Hungary's right-wing prime minister has said "Christianity is Europe's last hope" while accusing political leaders in Brussels, Berlin and Paris of paving the way for the "advance of Islam."
Viktor Orban made clear in his 20th annual state of the nation speech at the Royal Castle in Budapest that he was not prepared to fall in line with the UN and EU approach to migration.
Instead, he said Europe's leaders had "opened the way to the decline of Christian culture and the advance of Islam."
Orban has been Hungary's prime minister since 2010 and is seeking a third consecutive term in the April elections.
His anti-immigration, anti-Islam message has put him at odds with other European leaders like German Chancellor Angela Merkel, who has allowed large numbers of refugees from Syria, Iraq and Afghanistan into her country.
Europe has been largely divided between a more compassionate open door policy like Merkel's and the more defensive closed door approach seen with Orban.
As the migrant crisis made its way across the Mediterranean to Europe, Orban acted swiftly to erect a border barrier to stop them streaming over the Hungarian border and he has sought to crack down on civil society groups helping any migrants in the country.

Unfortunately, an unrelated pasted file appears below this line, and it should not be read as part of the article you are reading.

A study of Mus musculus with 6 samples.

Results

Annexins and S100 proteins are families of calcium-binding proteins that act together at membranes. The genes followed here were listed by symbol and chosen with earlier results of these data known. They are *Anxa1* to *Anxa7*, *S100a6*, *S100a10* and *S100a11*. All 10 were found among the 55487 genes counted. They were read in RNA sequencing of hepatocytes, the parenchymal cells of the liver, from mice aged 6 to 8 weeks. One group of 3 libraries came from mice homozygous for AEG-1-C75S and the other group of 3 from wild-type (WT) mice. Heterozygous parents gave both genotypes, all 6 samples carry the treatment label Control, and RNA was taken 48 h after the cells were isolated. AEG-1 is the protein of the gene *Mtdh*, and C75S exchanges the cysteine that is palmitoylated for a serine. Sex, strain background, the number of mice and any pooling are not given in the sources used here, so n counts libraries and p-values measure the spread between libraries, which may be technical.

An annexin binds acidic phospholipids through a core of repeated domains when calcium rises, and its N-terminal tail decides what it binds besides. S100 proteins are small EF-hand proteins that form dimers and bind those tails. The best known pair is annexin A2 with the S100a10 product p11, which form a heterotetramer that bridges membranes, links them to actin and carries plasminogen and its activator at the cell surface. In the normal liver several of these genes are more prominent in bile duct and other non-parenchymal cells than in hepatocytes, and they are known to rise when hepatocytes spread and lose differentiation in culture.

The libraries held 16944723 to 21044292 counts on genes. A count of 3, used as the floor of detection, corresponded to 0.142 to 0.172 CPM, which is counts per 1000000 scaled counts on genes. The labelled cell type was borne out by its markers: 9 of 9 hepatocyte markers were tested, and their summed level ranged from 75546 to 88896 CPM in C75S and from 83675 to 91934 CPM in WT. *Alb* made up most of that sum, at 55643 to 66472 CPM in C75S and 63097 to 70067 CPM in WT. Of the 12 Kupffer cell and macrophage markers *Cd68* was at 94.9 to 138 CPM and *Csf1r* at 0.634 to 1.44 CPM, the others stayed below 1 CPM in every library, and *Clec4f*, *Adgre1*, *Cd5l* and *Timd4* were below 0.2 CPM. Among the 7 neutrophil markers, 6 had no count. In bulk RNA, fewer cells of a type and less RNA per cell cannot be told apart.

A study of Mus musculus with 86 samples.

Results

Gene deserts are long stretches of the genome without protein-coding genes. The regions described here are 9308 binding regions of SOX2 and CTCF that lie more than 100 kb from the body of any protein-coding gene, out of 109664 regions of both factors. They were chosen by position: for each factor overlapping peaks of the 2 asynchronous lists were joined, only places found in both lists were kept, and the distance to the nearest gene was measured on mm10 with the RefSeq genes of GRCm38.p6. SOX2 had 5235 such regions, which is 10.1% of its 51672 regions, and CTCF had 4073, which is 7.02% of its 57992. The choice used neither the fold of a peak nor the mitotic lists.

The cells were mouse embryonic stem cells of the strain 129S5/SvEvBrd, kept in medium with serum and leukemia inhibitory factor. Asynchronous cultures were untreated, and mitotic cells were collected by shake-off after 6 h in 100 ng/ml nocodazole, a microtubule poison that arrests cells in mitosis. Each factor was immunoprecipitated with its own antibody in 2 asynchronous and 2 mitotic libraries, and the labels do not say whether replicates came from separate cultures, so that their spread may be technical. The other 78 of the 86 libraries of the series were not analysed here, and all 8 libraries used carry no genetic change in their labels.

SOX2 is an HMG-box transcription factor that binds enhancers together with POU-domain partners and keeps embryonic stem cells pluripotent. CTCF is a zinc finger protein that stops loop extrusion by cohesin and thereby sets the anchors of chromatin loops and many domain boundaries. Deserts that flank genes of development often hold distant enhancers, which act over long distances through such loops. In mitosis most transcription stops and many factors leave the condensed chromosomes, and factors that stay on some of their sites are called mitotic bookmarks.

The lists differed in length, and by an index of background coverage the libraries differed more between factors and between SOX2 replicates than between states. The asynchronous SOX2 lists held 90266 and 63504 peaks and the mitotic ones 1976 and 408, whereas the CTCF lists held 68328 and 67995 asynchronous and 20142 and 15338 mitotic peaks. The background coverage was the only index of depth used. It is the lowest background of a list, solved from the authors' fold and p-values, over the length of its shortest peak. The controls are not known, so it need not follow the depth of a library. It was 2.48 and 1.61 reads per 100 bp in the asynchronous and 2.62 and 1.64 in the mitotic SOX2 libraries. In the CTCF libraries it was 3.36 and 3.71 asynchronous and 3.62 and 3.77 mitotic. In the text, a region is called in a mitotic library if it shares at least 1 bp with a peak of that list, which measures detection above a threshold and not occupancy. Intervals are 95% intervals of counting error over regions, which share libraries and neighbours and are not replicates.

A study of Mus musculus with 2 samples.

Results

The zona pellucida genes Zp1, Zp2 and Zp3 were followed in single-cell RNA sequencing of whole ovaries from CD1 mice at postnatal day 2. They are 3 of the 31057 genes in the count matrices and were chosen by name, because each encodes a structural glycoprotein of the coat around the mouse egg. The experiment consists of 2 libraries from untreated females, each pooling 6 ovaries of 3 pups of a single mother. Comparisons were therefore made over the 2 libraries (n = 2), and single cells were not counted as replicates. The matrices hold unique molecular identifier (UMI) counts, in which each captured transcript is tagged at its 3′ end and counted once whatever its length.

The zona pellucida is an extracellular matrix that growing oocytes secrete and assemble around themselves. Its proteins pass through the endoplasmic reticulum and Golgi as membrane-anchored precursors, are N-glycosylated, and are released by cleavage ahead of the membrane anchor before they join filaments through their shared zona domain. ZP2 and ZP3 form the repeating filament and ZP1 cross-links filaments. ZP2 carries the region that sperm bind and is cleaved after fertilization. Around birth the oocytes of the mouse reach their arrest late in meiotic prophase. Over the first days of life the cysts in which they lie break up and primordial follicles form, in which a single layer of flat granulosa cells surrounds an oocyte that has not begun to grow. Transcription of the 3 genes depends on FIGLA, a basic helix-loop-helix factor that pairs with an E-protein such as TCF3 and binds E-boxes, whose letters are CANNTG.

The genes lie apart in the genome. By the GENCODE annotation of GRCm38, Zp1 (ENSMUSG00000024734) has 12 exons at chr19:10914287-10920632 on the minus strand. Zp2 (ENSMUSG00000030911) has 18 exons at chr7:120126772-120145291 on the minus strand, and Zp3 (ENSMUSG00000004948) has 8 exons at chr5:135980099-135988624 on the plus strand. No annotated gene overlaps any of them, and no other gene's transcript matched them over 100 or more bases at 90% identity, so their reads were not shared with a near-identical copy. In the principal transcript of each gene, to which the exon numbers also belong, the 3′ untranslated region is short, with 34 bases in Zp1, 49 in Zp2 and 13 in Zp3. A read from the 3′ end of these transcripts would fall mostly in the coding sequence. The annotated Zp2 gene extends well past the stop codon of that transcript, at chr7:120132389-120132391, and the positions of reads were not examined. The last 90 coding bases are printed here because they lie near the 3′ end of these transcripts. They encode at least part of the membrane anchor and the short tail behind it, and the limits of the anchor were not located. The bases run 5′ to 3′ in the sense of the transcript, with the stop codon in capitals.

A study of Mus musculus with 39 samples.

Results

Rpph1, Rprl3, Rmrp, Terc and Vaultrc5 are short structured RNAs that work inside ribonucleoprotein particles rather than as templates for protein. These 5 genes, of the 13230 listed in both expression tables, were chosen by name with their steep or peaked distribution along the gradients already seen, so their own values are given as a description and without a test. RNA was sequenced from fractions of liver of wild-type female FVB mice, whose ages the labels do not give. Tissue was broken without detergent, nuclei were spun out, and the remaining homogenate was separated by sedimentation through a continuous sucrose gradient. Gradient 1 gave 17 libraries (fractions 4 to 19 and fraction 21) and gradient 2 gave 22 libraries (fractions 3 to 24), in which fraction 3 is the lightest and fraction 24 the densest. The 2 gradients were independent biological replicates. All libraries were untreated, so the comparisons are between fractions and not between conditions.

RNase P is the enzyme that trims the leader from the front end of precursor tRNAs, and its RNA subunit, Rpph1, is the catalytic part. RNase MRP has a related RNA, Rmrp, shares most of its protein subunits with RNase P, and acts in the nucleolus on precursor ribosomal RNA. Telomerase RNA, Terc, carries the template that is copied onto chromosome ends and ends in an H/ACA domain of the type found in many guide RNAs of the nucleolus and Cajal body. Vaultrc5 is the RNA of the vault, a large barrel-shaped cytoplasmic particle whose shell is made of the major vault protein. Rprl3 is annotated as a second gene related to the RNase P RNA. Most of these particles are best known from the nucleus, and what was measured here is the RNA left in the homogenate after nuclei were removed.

In his address on Sunday, he claimed that Germany was being overwhelmed by migrants.
"Born Germans are being forced back from most large German cities, as migrants always occupy big cities first," he alleged, adding that Islam will soon "knock on Central Europe's door."
While his rhetoric and his policies may be putting him vastly at odds with western European countries, they are being well received at home and he is expected to maintain power when the April elections come round.
"Migration fits into a wider agenda about the protection of the Hungarian people," Andras Biro-Nagy, a politics lecturer at Corvinus University of Budapest, told The New York Times. "He's protecting us from everything."